This is a side story of my recently published travelogue; Attractions in Klang, Selangor: The Royal Klang Heritage Walk. I thought of stuffing it together with the travelogue, but I wouldn’t want you readers to get all confused cuz these food were served just for us members of the media to enjoy and they are not actually available for the actual “The Royal Klang Heritage Walk” should you sign up for the walk.
Still, I’m a foodie at heart and I would like to share with you the unique traditional food that I’ve had the pleasure to enjoy during The Royal Klang Heritage Walk famtrip that my family and I have participated in.
Nasi Ambeng. This is a fragrant rice dish that consists of but is not limited to steamed white rice, chicken curry or chicken stewed in soy sauce, beef or chicken rendang, sambal goreng fried tofu, tempeh, and long beans, bergedil, and serunding. It is a popular Javanese cuisine, especially within the Javanese-Malay communities in the Malaysian states of Selangor and Johor as well as in Java, Indonesia.
My first Nasi Ambeng experience was back in 2014, during the annual Nasi Ambeng Festival that was held at Banghuris Homestay, Selangor. I’ve liked it then, and still like it now. Nasi ambeng is often served communal dining-style on a platter to be shared among four to five people; especially during festive and/or special occasions such as a wedding, but this time they had it all packed for the Royal Klang Town Heritage Walk to enjoy. The Javanese have another name for an all packed up Nasi Ambeng like this. It’s called the ‘Nasi Berkat’, which can be literally translated as ‘The Blessed Rice’. Sometimes the Javanese would pack up Nasi Ambeng like this to bring home and share the blessing of the sustenence that they have received with their family after certain important events. Hence, the name. No complains though. I get to indulge all I want without feeling shy of stealing a piece of someone else’s side dishes. I reckon nobody like it if they had to share the platter with me though I enjoy the communal dining experience very much. I’m quite a glutton, you see.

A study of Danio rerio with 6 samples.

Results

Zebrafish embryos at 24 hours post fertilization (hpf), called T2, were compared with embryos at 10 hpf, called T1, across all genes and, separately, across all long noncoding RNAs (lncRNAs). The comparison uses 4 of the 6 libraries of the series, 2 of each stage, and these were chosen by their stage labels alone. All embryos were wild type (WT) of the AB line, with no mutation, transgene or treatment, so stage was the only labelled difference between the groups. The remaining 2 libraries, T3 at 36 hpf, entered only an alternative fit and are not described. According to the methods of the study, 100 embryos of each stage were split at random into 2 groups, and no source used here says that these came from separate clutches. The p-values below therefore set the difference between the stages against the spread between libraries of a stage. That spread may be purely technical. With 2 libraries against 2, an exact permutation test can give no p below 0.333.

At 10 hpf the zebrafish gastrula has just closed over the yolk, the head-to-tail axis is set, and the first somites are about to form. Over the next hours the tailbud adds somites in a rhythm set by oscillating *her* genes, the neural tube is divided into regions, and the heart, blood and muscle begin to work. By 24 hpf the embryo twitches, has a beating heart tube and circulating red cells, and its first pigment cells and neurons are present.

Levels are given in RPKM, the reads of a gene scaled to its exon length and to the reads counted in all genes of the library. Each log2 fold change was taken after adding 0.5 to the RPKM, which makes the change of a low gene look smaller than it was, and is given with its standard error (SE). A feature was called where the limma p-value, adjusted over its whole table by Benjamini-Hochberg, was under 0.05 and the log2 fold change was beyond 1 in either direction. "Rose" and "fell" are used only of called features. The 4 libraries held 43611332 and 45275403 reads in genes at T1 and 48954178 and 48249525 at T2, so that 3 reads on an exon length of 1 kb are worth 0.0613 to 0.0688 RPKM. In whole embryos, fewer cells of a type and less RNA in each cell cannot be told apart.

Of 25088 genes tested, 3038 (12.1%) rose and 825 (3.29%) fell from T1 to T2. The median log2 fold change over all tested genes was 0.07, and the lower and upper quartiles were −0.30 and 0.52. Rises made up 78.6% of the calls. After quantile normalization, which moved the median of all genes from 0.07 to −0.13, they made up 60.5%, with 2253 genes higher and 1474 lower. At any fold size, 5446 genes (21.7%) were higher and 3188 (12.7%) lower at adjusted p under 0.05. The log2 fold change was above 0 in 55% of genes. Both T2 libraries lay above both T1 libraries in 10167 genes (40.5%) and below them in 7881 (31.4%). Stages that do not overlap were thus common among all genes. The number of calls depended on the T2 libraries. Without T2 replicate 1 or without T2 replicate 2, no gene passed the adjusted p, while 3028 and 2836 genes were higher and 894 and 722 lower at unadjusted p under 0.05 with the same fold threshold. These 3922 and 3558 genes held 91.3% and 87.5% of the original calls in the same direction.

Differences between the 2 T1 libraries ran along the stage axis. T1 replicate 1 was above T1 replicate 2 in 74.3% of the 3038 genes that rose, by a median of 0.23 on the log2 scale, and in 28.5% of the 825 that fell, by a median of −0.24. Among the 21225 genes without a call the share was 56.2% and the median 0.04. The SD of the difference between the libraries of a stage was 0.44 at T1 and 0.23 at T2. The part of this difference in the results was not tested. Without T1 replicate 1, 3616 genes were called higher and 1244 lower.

Two types of desserts were served for our gastronomic pleasure; Wadai Kipeng and Bahulu Kemboja.
Bahulu Kemboja. Initially I thought this was made from flour, but I was told that they were made purely from duck eggs. Impressive, I must say and this traditional sweet cakes warrant for seconds and thirds. Great to be had during morning breakfast or an evening snack over a cuppa coffee or tea.
Wadai Kipeng is a traditional dessert that is popular in some parts of Malaysia and is synonymous with the Banjar people. In Banjar language, “Wadai” means ‘kuih’ (cakes in English) and Kipeng means “keping”. It literally means Kuih Keping. Commonly served in Banjar people’s wedding, this sweet glutinuos rice dessert were bathed in thick creamy gravy made from palm sugar and coconut milk. I don’t usually fancy sweet food, but this one’s an exception. It’s to die for.
These food I’ve featured are commonly found in Selangor, but not too common that you’ll find it at just about any restaurants or streets in Selangor. They are mostly exclusively served during certain important events in certain ethnic’s home eg: Javanese or Banjar people’s events or weddings.